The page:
As Indiana lawmakers work on legislation to restrict abortion access in Indiana, many activists and advocates have asked what support will be provided to people forced to carry pregnancies to term.

One study through the Indiana University Richard Fairbanks School of Public Health titled “Ask the Women” spoke to people in zip codes with high infant mortality rates in an effort to understand where they experienced gaps in care.

On Monday, researchers released some of their findings, outlining what interviewees told them about where they experienced the most need.

Specifically, researchers underlined the need for better accommodations in the workplace, rental and utility assistance throughout pregnancy and early parenthood, and coverage of costs related to prenatal care, birth, and postnatal care.

Erin Macey is a senior researcher for the Grassroots and Maternal Child Health Initiative, which oversees the study. She also testified in front of the Senate on Tuesday - noting that only 1 percent of the state budget surplus has been earmarked for parents and babies in SB2.

“A discount on diapers doesn’t help you very much if you have no income to buy diapers in the first place,” Macey said. “Home visiting is great but it’s better if you have a stable home to live in. These programmatic or minor adjustments are not enough.”

SB2, a companion bill to the abortion restrictions being considered in the Senate, is expected to put $50 million towards organizations and services for pregnant Hoosiers. Supporters of a separate bill in the House say they want to put upwards of $79 million towards families and babies.

In the case of both bills, however, advocates said that while those funds are good — they won’t be enough to meet the needs of parents or children.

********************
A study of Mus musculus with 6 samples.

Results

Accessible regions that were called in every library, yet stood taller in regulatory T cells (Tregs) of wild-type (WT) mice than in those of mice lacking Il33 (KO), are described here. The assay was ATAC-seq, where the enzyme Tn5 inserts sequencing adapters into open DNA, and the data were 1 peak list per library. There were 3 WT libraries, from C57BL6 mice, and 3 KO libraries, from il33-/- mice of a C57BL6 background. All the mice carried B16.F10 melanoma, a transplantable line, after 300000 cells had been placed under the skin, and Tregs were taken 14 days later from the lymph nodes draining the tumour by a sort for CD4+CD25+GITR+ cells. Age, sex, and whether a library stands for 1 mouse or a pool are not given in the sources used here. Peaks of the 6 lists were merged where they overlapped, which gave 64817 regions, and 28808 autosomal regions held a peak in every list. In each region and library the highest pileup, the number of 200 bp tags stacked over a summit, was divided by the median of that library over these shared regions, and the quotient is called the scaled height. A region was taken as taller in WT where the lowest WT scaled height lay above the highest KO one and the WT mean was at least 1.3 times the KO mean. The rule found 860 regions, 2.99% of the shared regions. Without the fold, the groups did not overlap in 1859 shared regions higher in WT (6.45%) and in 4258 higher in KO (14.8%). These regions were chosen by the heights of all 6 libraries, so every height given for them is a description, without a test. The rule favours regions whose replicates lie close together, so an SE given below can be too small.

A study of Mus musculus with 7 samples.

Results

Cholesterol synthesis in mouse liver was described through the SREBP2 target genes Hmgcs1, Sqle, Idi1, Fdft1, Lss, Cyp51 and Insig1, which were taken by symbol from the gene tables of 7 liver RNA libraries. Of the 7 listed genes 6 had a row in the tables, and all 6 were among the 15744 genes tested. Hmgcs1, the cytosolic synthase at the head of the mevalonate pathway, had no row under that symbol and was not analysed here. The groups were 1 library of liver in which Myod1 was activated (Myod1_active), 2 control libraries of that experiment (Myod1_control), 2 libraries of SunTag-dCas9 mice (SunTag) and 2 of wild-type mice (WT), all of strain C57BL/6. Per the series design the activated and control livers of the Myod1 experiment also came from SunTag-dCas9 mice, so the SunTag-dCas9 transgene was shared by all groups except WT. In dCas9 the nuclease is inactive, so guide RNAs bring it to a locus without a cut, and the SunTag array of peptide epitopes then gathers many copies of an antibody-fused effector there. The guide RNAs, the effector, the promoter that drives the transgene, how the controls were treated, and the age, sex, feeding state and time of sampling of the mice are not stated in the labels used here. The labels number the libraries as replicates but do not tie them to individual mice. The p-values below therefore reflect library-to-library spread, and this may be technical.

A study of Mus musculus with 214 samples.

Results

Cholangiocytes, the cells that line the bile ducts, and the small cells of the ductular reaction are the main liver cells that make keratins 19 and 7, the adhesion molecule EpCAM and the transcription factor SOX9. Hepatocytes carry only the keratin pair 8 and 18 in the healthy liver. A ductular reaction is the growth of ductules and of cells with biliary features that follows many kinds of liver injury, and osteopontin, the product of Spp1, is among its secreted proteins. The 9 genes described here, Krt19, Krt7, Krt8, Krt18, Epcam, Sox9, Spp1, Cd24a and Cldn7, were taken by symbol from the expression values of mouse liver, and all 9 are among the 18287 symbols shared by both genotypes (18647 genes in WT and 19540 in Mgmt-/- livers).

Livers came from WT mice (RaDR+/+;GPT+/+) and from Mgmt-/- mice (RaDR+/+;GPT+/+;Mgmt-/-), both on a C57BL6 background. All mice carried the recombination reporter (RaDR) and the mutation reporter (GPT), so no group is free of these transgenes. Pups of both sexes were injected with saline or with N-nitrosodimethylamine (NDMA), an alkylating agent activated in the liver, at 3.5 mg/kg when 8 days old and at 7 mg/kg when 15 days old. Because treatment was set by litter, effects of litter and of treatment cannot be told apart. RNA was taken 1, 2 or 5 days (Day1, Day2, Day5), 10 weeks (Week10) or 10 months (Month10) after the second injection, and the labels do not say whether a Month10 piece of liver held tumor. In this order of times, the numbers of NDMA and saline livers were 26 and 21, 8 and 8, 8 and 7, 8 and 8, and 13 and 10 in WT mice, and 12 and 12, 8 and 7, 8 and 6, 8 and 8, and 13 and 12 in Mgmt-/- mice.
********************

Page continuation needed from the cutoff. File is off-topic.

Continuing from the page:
Macey said of the 30 women the study interviewed every single one experienced some kind of gap in support.

“When we talk about the social determinants of health this is really getting at what that looks like in fine grain detail,” she said. “It looks like someone being hospitalized and not being able to pay their rent, it looks like someone being fired for attending their prenatal visits. All of this affects women’s ability to remain financially stable and meet their basic needs during pregnancy.”

According to Macey, a vast majority of the participants in the study worked over the course of their pregnancy. Roughly half of the participants experienced “significant interruptions” in their ability to do work.

“Many of our participants were pushed out of work,” she said. “Either because they couldn’t receive really basic accommodations and have bathroom breaks or go to prenatal visits.”

Often, she said, those employment problems would exacerbate financial stress among interviewees.

Across the study, Macey said she interviewed four women who experienced homelessness during their pregnancy including one interviewee who was evicted.

“Our capacity to handle people’s housing needs is an important area to look at, especially in light of some emerging research showing a strong link between housing instability and poor birth outcomes,” she said.

Speaking on her own behalf — Macey said no amount of additional support makes it ok to take away abortion access.

“There is no amount of support that would make it OK to take away that right and those choices,” she said. “This isn’t an equation where you can load in a bunch of supports and then that makes it ok to take this choice away.”

The House and Senate are expected to resume work on their respective bills on Thursday.